Supreme Court Justice Samuel Alito extended an appeals court ruling that paused a lower court’s decision to block President Joe Biden’s administration from asking social media companies to take down information federal officials deemed ‘misinformation.’

“The decision to keep the matter on hold until Wednesday gives the court more time to consider the administration’s request to block an injunction issued by a lower court that had concluded that federal officials likely had violated the free speech protections of the U.S. Constitution’s First Amendment by coercing social media platforms into censoring certain posts,” Reuters reported.

“Alito’s order pauses the dispute until Sept. 27 at 11:59 p.m. EDT. He had previously halted the lower court’s ruling through Sept. 22,” the outlet noted further. “Alito is the justice designated by the court to act on certain matters arising from a group of states that include Louisiana, where the lawsuit was first filed.”

In July, the Daily Wire reported that Chief U.S. District Judge Terry A. Doughty, a Trump appointee, issued an injunction forbidding Biden administration officials from communicating with social media firms in what was viewed as a huge First Amendment victory.

Sen. Eric Schmitt (R-Mo.), a former state attorney general, filed the complaint, alleging that government officials made efforts to exert unwarranted influence over these platforms, which he said resulted in the stifling of view that diverged from the administration’s views.


Schmitt filed the case when he served as Missouri’s attorney general before he was elected to the Senate last year.

White House officials, CDC & others are stopped cold. We need to continue the fight to take down the Vast Censorship Enterprise. Their view of ‘misinformation’ isn’t an excuse to censor. This is the most important free speech case in a generation. Freedom is on the march,” Schmitt said, calling the decision a “[b]ig win for the First Amendment on this Independence Day.”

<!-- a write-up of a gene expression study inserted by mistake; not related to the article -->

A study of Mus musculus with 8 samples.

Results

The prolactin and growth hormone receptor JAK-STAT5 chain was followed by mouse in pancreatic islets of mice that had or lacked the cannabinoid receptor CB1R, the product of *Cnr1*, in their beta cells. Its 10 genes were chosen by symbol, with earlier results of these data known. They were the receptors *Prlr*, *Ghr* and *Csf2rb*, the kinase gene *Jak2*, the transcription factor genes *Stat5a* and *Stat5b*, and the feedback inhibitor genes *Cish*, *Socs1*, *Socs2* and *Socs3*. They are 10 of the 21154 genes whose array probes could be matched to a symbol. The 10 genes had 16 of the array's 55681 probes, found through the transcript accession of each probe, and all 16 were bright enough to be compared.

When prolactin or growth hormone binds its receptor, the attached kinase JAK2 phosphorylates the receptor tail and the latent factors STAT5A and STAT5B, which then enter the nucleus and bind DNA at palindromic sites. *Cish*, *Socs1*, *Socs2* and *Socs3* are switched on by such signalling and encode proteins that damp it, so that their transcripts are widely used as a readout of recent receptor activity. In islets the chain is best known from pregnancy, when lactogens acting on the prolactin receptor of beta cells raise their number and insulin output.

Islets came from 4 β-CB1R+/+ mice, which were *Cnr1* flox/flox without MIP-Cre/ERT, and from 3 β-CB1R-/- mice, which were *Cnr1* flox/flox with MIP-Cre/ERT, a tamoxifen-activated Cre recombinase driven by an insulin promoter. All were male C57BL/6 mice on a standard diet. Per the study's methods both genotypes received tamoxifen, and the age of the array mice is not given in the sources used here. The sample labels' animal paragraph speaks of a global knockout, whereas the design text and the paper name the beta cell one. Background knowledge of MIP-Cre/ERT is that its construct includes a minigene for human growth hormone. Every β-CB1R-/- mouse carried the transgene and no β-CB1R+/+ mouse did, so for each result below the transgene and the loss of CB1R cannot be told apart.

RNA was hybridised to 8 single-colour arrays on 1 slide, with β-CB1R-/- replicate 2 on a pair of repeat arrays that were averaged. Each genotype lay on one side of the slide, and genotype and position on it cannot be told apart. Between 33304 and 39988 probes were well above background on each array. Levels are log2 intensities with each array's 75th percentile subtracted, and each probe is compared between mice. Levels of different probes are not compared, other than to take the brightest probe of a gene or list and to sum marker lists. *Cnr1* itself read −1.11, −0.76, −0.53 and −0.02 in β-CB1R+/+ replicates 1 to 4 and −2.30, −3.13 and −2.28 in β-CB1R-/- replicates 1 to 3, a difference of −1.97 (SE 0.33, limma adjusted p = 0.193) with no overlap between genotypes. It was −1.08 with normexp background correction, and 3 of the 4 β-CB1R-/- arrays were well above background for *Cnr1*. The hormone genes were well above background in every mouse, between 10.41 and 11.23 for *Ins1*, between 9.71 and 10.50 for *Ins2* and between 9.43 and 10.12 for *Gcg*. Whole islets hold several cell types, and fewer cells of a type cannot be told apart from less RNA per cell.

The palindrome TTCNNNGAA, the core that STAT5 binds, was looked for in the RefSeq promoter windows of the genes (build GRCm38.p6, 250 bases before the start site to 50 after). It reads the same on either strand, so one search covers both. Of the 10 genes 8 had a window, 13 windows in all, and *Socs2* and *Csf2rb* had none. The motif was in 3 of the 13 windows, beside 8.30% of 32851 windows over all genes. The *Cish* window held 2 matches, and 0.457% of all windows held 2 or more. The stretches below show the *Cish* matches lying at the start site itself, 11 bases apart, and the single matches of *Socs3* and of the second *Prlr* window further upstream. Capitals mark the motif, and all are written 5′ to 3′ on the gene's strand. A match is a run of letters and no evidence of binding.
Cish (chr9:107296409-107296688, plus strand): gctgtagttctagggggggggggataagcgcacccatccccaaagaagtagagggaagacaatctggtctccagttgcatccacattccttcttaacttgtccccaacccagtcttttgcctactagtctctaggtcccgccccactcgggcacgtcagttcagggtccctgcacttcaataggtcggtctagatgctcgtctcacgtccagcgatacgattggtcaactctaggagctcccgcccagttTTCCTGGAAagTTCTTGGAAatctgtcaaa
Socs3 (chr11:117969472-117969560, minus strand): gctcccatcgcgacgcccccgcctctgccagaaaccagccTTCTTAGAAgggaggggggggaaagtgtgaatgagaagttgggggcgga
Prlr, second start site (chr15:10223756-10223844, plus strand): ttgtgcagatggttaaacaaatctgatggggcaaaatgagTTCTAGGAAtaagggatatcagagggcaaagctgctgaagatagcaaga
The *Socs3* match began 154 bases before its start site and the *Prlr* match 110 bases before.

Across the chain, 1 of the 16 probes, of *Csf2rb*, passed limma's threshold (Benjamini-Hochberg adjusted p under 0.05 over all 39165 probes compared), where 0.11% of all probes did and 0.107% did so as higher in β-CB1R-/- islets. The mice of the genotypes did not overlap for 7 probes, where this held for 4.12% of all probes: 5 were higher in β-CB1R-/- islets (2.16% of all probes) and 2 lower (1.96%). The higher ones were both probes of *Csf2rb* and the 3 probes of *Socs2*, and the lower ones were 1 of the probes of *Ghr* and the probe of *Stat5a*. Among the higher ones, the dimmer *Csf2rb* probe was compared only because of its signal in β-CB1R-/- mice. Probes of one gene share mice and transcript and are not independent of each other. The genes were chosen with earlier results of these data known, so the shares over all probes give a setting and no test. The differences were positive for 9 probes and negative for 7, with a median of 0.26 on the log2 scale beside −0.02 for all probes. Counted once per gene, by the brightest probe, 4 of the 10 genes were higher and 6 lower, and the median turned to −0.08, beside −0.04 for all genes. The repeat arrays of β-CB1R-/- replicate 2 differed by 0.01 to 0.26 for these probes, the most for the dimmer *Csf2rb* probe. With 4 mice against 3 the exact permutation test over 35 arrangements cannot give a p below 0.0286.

There are some exceptions that Doughty allowed. The Washington Post reported he will allow for government officials to have contact with social media companies to inform them of posts involving “criminal activity or criminal conspiracies,” “national security threats, extortion, or other threats,” and crimes related to U.S. elections.


Many expect the ruling to disrupt years of collaboration between tech companies and the government, especially in terms of addressing illegal activities and interference in elections.

The injunction applies to various executive agencies, including the Department of Health and Human Services and the Federal Bureau of Investigation, prohibiting them from pressuring social media platforms into removing, suppressing or reducing the visibility of content protected by the First Amendment.


Reuters added on Friday: “The New Orleans-based 5th U.S. Circuit Court of Appeals vacated much of an injunction that Doughty issued restricting the administration’s social media communications, with the exception of a provision concerning coercion, which they narrowed.”

“The narrowed injunction applied to the White House, the surgeon general, the U.S. Centers for Disease Control and Prevention and the FBI, saying they could not ‘coerce or significantly encourage’ the companies to remove content,” Reuters noted further.